As a keen Equine Science Writer, I have had a number of articles published in the equestrian media over the years. You can find them (and more) here!



Play is a fundamental aspect of equine behaviour. Desire to play starts in early foal-hood and continues even in adulthood. It is an important aspect of development, with around 75% of the foal's time devoted to play. It is exhibited in a range of equids, from Asses to Zebras, and carries benefits, both physiological and psychological. So, how do equines play and why do they do it?

The Role and Benefits of Play
Play can be defined as an activity which appears to have no immediate use or function for the horse, but at the same time evokes a sense of pleasure and surprise. Largely, younger horses spend more time at play than older horses. Within the first four weeks of life, whilst the foal stays close to its dam, play behaviour is quite solitary. However, after the first month youngsters begin to socialise with other foals. Male foals spend more time playing than female foals and are more inclined to exhibit aggressive, fighting-related play behaviour.
Like humans, play behaviour in young horses is related to learning and development. This type of recreation allows the foal to develop and practice locomotary skills as well as interact with other foals. Play also enhances social relationships and strengthens pair bonds. Physiological benefits  include enhancement of cardiovascular and musculoskeletal fitness, practice of survival skills and building knowledge of a particular terrain or environment.
When studying a group of feral horses, Cameron and colleagues found that, not only did youngsters which played more survive better, they also had better body condition as yearlings.

As well as improving equine relationships, play behaviour has also been linked with sociability towards humans. In a study of play and curiosity, Brubaker and colleagues investigated the association between the amount of time horses spent playing with a novel object and how quickly they approached a human. When presented with a  yoga ball, a plastic saucer and a collapsible cube, the team found that the more time the horses spent investigating the objects, the more sociable they were towards the handler.

Types of Play
To clarify what constitutes horseplay, two researchers from Pennsylvania, McDonnell and Poulin, undertook a study to document recreational behaviour. The researchers observed a group of semi-feral Shetland ponies for over 100 hours. They noted that play can be divided into 4 key areas: object play, play sexual behaviour, locomotor play and play fighting.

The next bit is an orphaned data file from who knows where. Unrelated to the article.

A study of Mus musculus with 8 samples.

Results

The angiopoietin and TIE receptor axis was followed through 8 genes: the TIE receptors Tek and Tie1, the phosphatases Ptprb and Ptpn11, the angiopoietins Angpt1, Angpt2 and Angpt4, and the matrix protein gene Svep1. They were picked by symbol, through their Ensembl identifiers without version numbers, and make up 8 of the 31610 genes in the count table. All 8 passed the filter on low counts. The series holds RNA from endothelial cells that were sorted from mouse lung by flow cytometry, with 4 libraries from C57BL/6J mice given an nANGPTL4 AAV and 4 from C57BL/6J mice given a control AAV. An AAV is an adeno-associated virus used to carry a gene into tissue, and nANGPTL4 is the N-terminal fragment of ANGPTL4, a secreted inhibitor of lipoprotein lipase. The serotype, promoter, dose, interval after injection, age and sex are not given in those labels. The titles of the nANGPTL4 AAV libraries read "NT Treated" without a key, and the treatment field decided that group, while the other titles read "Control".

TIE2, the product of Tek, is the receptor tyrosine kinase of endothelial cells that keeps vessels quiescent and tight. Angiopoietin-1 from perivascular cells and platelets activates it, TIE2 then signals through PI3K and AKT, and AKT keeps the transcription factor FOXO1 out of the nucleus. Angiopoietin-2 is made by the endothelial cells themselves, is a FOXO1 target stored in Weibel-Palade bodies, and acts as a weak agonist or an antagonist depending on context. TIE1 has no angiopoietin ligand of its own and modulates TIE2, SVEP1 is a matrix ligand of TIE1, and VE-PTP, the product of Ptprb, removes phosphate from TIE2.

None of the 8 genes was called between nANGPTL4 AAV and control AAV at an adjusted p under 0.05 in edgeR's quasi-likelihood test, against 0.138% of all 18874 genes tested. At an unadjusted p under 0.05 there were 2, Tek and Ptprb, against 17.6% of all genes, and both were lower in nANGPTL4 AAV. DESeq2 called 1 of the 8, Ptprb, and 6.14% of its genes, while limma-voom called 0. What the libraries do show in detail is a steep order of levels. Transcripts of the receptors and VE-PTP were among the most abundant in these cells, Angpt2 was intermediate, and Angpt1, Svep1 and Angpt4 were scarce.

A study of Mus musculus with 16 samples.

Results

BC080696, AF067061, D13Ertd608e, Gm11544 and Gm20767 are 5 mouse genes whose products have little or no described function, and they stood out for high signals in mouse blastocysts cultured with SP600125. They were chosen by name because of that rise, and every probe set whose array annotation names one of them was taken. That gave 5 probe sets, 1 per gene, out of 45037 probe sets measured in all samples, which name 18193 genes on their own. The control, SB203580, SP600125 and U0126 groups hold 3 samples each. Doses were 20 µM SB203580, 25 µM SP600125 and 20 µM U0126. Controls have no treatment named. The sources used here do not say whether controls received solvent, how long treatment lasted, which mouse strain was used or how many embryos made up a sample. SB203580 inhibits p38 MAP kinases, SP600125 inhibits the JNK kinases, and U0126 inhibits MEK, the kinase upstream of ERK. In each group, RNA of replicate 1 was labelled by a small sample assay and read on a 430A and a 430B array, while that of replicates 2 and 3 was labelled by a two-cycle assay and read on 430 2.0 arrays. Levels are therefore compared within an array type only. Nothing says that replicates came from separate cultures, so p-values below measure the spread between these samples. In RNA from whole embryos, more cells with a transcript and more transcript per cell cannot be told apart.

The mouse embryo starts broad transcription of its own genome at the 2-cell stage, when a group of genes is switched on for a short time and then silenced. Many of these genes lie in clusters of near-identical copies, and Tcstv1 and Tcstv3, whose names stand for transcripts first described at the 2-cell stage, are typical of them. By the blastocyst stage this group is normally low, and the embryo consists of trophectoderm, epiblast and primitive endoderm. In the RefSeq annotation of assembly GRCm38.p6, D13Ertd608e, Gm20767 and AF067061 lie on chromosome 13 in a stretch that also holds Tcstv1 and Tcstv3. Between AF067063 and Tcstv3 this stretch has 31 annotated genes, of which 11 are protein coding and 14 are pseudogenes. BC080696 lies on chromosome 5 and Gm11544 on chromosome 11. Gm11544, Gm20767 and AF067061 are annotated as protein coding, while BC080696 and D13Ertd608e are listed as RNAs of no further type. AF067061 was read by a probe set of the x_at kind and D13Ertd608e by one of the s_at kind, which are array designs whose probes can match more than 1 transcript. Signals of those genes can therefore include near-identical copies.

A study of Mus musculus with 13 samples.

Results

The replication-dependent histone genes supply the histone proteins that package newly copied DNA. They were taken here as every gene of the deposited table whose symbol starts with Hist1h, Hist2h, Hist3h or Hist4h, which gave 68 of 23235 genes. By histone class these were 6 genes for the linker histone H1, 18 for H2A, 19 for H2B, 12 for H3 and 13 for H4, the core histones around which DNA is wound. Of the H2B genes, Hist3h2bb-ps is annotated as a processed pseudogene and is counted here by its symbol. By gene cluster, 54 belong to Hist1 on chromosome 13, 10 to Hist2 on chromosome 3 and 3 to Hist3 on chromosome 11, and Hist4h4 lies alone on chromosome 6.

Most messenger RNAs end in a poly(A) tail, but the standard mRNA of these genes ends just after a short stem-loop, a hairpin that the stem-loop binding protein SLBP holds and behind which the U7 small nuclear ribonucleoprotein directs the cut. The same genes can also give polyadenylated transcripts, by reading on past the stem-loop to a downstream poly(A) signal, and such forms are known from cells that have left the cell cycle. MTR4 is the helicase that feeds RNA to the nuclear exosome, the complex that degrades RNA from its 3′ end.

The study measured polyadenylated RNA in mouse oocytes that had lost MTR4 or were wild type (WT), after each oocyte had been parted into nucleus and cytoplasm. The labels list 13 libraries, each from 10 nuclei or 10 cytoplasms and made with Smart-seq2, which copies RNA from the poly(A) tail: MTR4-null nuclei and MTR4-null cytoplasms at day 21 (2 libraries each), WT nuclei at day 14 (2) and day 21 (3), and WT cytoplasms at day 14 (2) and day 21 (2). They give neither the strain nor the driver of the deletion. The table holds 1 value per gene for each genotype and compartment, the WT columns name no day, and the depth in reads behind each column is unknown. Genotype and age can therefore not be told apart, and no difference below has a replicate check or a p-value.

During object play, individuals make contact with and manipulate an object. Objects might be animate, like another horse, or inanimate like a bucket. Typical types of object play include a foal circling around a mare, pawing at a bucket or mouthing a rug.

Play sexual behaviour involves many of the rituals found in adult sexual behaviour but is often more exaggerated or performed out of order. It is a frequent occurrence in foals and adolescents, as well as among young and adult bachelor stallions. Examples of play sexual behaviour include mounting another horse or marking a dung pile with faeces.

Locomotor play includes any play behaviour that is performed whilst in motion, whether in walk, trot, canter or gallop. Running and bucking are two common types of locomotor play.

Play fighting consists of sequences and elements similar to adult fighting, but of a more affable nature. During play fights, individuals appear to alternate offensive and defensive roles.

Signals for Play
Equines can start and stop play sessions through a series of behavioural signals. Common initiators  are nudging or nipping, approaching nose-to-nose, as well pawing at another horse.  Play fighting, in particular, is often initiated through head-tossing.

Play bouts can be halted using a terminator. These cues are quite obvious, contrasting to play by force and intent. These include pinning the ears back, forcefully biting an individual, turning the rump towards the other animal and kicking or striking with firm resolve.
Play can also be ended in a less aggressive manner by participants prancing away. Mutual grooming is commonly seen before or after a play bout. Other than during frolicking, play tends to be quieter without the usual vocalisations present in serious behaviour. This is particularly evident during play fighting - whereas a fighting adult might grunt and squeal, these sounds are usually absent during play sessions.

Understanding the role and benefits of play behaviour is important. Play constitutes key part of foal development and recreational behaviour in adults. Whilst it is important that horses of all ages are provided with the opportunity to play, socially and independently, this is particularly crucial for foals. Facilitating play in domestic horse management is an essential consideration for horse owners.

Published: Everything Horse UK Magazine, Iss 3, December 2013


Louise Napthine is an Equine Training Instructor with a strong background in Science. She enjoys writing about current research in behaviour and welfare.